Paul Jackson, chief executive of Vantis, the AIM-listed accountancy firm,
will have had few challenges as thorny as the one he is now facing. His firm,
which has grown hugely in the last few years on the back of acquisitions, is
embroiled in enquiries into charity tax reliefs.
At the launch of the firm’s interim results last week, Jackson launched the
The schemes HMRC is chasing involve the setting up of companies with cash
from clients. The companies are floated and the shares
rise hugely. The shares are then gifted to charity, with the gift attracting
tax credits of 40% of the value.
Accountancy Age revealed in July that HM Revenue & Customs had launched a
clampdown on the schemes generally. More recently national newspapers, The
Sunday Times in particular, have revealed details of celebrity investors and the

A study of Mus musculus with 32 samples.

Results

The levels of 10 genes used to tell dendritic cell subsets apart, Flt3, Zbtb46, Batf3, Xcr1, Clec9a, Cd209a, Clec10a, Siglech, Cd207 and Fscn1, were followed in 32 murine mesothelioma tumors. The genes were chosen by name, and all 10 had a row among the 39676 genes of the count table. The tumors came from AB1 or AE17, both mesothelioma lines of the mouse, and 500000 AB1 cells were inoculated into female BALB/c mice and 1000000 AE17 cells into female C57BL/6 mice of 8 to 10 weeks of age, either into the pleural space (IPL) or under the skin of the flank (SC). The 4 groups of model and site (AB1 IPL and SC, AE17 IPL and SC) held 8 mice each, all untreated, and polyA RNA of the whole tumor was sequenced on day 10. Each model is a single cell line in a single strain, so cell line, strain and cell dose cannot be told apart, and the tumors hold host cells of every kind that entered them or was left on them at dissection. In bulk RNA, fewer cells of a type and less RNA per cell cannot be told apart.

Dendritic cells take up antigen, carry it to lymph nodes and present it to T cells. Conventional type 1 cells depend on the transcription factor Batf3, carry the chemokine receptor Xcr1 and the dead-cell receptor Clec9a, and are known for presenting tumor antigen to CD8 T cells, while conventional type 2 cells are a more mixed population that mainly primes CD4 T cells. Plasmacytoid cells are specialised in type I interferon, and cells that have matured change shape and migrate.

But as far as Vantis is concerned, nothing much has happened, at least not
recently. There were visits to the firm and to some of its top advisers, but
those were in June.
Four companies Vantis was advising clients on are part of HMRC’s enquiries,
the firm admits: Clerkenwell Medical Research, Modia, Your Health International
and Signet Health International. Vantis has been rattled by HMRC interest. ‘We
are just a nice bunch of guys doing what we are doing,’ Jackson says.
He argues that the firm is being made an example of: ‘The American way is
what Brown wants to bring in, where everything that is not straightforward tax
mitigation is evasion. The government wants to send out a message, and there
appears to be a clear campaign to rough up the mitigation sector.’
As for the companies involved, Vantis is clear about its position: ‘The
shares were not manipulated by Vantis or any Vantis employee.
The rules have been strictly applied.’ Not only that, but Jackson says the
firm did not market the schemes.
What’s going to happen?
Nobody knows what HMRC is going to do, and suggestions that charges are
imminent or that key figures have been interviewed under caution appear to be
wide of the mark.
Vantis will be worrying about press stories and reputational damage. But
probably of more concern will be whether the schemes get the all-clear.